09.26.17

Capito Legislation to Promote Women’s Participation in Conflict Resolution and Peacekeeping Heads to President’s Desk

WASHINGTON, D.C. – The U.S. House of Representatives last night unanimously passed the Women, Peace and Security Act, bipartisan legislation introduced by U.S. Senators Shelley Moore Capito (R-W.Va.) and Jeanne Shaheen (D-N.H.) that advocates for women’s engagement and participation in conflict resolution and peace-building around the world. The bill passed the Senate in August and will now head to President Trump’s desk.
 
“Women bring so much to the table when it comes to solving problems and resolving conflicts, and our bipartisan legislation will promote their inclusion in peacekeeping and mediation efforts,” Senator Capito said. “I’m proud to have worked with Senator Shaheen to introduce this important measure in the Senate, and now that the House has passed it, I am hopeful President Trump will sign it into law.”
 
“Women are significantly underrepresented in the peace-building and conflict resolution process, yet they are disproportionately impacted by violence and armed conflict,” Senator Shaheen said. “They deserve to be fully represented at the negotiating table. This bipartisan legislation will ensure that U.S. diplomats, military personnel and development workers are trained to promote the inclusion of women in peacemaking processes and that the U.S. continues to implement United Nations Security Council Resolution 1325 on the role of women in peace and security.”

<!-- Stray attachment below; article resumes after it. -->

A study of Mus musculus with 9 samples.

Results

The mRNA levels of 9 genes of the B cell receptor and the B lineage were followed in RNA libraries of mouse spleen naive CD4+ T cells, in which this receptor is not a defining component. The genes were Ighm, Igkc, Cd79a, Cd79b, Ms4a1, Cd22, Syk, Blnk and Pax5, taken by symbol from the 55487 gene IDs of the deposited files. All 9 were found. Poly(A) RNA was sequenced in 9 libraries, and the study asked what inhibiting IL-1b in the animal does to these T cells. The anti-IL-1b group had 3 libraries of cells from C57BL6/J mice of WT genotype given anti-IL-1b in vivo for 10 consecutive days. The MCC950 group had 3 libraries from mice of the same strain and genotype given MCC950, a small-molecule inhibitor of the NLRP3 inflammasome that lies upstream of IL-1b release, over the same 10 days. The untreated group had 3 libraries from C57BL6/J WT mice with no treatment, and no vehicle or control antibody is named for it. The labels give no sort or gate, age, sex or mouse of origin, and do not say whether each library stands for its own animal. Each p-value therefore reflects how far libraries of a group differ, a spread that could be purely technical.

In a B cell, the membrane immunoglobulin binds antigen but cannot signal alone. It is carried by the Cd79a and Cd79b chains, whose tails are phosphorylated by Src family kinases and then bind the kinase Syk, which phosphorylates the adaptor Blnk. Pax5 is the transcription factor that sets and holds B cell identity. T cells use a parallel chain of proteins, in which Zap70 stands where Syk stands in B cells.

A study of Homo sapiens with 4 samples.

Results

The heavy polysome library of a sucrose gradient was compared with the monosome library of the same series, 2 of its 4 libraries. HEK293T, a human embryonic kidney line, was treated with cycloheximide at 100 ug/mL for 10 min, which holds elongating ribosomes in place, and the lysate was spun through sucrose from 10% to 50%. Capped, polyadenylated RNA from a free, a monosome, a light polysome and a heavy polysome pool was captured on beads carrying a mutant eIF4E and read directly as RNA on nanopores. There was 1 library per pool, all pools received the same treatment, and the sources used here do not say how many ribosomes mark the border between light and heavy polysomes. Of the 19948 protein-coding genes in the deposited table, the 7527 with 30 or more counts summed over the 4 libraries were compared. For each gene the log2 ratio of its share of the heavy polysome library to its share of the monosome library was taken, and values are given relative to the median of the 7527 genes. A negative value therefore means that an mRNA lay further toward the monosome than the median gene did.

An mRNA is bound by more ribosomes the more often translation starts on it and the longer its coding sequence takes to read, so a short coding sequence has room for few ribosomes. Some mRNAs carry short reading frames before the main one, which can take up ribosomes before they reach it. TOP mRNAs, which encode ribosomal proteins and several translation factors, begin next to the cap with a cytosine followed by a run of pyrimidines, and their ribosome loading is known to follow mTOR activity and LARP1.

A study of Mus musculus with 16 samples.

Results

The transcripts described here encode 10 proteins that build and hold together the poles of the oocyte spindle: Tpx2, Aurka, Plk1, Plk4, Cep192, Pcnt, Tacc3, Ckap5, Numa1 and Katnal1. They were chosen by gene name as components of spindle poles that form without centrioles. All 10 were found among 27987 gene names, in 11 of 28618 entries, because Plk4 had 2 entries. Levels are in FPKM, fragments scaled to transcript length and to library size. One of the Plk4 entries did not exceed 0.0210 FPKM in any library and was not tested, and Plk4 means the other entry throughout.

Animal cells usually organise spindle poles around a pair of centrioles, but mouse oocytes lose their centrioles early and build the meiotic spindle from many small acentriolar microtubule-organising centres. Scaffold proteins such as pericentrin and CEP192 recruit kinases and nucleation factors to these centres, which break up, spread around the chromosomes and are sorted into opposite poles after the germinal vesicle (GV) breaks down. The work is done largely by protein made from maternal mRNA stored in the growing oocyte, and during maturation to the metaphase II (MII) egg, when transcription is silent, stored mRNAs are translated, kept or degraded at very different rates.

The Women, Peace and Security Act advances the priorities outlined in the United States’ National Action Plan on Women, Peace and Security, and ensures the U.S. continues to advocate for women’s inclusion and engagement in the peace-building process to prevent, moderate and resolve violent conflict.
 
According to the Council on Foreign Relations, between 1992 and 2011, women represented fewer than 4 percent of signatories to peace agreements and 9 percent of negotiators. In 2015, only 3 percent of UN military peacekeepers and 10 percent of UN police personnel were women.